Device manufacturers and OEMs had a big problem for a certain variation of 5G: getting the antenna chips small enough to fit in handheld devices. Qualcomm’s new chip promises a fix.
On Monday, Qualcomm unveiled its new QTM052 millimeter wave and QPM56xx sub-6GHz radio frequency antenna module families. They work alongside the company’s Snapdragon X50 5G to bring superfast network speeds to smartphones . The modules will let phone makers cover the gamut of 5G airwaves, including the shorter-range but faster millimeter wave spectrum and the more reliable but slower sub-6GHz airwaves.
The modules will show up in mobile hotspots later this year and in smartphones in the first half of 2019. The potential peak download speed could be up to 5Gbps for the millimeter wave variant, though the more realistic speed you’ll see in phones is closer to 1.4Gbps, Qualcomm said. That’s much faster than today’s 4G, which is about 70Mbps, and even faster than the sub-6GHz’s expected speeds of 400Mbps to 500Mbps, the company noted.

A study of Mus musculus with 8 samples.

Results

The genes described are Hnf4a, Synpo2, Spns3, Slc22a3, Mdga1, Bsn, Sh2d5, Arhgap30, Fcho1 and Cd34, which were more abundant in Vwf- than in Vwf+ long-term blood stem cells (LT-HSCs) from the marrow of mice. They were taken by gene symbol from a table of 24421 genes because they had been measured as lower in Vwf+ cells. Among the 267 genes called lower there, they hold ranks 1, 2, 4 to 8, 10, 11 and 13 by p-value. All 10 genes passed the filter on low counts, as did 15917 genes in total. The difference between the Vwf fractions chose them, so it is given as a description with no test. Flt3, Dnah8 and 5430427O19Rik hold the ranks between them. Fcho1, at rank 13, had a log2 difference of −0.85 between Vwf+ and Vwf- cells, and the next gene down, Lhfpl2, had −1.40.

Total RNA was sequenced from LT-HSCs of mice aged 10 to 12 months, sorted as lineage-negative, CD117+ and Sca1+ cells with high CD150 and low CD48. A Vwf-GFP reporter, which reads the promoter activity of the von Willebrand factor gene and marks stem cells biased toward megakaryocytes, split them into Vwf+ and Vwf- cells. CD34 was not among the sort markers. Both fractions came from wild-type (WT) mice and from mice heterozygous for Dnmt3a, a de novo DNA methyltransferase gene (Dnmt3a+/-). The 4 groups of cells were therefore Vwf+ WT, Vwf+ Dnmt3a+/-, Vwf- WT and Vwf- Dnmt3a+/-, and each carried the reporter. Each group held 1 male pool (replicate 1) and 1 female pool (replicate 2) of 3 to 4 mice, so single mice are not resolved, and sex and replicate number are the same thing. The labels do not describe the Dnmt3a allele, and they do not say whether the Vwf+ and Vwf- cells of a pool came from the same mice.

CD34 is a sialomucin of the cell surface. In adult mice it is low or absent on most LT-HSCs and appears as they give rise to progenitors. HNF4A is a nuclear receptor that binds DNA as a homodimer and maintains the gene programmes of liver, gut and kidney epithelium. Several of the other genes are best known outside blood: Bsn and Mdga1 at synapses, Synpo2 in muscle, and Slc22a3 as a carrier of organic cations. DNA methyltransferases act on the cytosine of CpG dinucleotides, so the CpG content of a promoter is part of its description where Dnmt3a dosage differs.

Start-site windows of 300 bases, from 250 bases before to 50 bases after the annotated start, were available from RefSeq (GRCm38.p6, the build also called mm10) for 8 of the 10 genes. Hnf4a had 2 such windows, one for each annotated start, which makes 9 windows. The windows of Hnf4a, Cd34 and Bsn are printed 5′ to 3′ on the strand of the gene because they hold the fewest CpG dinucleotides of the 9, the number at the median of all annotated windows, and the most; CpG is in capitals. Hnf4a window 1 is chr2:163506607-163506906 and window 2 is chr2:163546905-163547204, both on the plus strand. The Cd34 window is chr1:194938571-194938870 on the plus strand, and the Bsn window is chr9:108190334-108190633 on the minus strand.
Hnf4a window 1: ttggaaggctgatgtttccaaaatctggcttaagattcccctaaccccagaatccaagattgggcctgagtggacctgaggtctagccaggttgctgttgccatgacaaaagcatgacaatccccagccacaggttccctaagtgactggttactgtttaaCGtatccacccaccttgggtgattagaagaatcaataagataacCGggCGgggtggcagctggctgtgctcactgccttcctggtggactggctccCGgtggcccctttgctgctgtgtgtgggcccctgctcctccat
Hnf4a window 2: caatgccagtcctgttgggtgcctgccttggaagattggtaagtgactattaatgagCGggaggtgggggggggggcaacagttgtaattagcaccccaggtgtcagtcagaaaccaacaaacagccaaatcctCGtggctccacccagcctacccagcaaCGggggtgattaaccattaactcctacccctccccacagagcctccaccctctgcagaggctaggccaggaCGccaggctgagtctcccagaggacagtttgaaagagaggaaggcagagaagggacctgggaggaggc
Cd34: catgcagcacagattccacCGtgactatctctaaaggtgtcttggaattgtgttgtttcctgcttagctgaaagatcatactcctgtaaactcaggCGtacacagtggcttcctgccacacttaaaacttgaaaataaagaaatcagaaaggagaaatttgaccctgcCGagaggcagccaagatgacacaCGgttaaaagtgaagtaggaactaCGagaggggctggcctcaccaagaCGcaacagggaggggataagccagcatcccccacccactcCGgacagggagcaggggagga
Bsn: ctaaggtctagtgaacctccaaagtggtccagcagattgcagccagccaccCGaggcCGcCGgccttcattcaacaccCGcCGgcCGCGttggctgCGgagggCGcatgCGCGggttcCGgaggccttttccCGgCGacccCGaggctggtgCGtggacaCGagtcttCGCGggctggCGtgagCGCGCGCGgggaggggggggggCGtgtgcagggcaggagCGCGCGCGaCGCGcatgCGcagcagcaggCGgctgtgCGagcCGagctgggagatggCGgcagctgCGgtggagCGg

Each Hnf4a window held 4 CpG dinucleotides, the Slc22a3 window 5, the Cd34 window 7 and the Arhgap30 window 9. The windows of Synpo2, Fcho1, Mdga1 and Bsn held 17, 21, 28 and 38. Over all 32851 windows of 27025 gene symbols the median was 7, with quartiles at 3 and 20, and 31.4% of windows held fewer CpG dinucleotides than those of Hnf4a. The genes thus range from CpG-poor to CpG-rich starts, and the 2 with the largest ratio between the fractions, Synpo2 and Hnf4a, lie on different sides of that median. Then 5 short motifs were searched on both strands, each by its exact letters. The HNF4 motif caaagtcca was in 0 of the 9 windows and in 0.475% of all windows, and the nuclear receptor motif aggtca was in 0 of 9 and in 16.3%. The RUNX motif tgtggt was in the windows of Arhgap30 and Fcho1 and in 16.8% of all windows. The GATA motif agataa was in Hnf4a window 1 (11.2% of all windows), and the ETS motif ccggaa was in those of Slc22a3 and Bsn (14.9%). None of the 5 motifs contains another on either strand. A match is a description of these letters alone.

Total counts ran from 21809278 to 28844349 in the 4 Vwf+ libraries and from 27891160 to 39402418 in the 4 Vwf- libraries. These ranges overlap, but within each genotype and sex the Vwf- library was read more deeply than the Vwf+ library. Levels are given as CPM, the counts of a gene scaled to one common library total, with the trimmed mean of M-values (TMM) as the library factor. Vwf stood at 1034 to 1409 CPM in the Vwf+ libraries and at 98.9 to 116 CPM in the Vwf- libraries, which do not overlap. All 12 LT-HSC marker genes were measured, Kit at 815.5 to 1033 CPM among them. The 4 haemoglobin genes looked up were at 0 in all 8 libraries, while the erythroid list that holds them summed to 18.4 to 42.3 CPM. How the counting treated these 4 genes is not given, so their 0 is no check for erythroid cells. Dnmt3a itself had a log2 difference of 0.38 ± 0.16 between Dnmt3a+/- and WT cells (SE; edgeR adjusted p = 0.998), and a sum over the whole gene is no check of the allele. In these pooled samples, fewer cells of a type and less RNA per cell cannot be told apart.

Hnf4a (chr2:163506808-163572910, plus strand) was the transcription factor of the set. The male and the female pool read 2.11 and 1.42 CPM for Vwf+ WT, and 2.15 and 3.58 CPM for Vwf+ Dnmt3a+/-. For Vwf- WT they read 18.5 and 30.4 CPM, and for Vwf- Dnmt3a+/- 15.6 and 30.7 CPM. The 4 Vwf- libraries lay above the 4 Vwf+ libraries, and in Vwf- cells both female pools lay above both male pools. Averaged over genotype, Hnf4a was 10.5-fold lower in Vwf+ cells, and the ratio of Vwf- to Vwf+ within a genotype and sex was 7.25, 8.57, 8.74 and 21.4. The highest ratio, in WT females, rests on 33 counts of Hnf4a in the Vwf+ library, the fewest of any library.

5G, the next generation of cellular technology, is expected to significantly boost the speed, coverage and responsiveness of wireless networks. It can go 10 to 100 times faster than your typical cellular connection today, and even quicker than anything you can get with a physical fiber-optic cable going into your house. It’ll take seconds to download a full TV season, and doctors will be able to perform remote surgeries in real time.
All cellular networks send data over the air, with standard networks using spectrum in lower-frequency bands like 700 megahertz. Generally, the higher the band or frequency, the higher the speed you can achieve. The promise of 5G is that it can use higher-frequency bands, called millimeter wave, to send data faster than ever before. Those signals operate on frequencies of 24GHz or higher, compared with the 600MHz to 5.8GHz used for 4G today.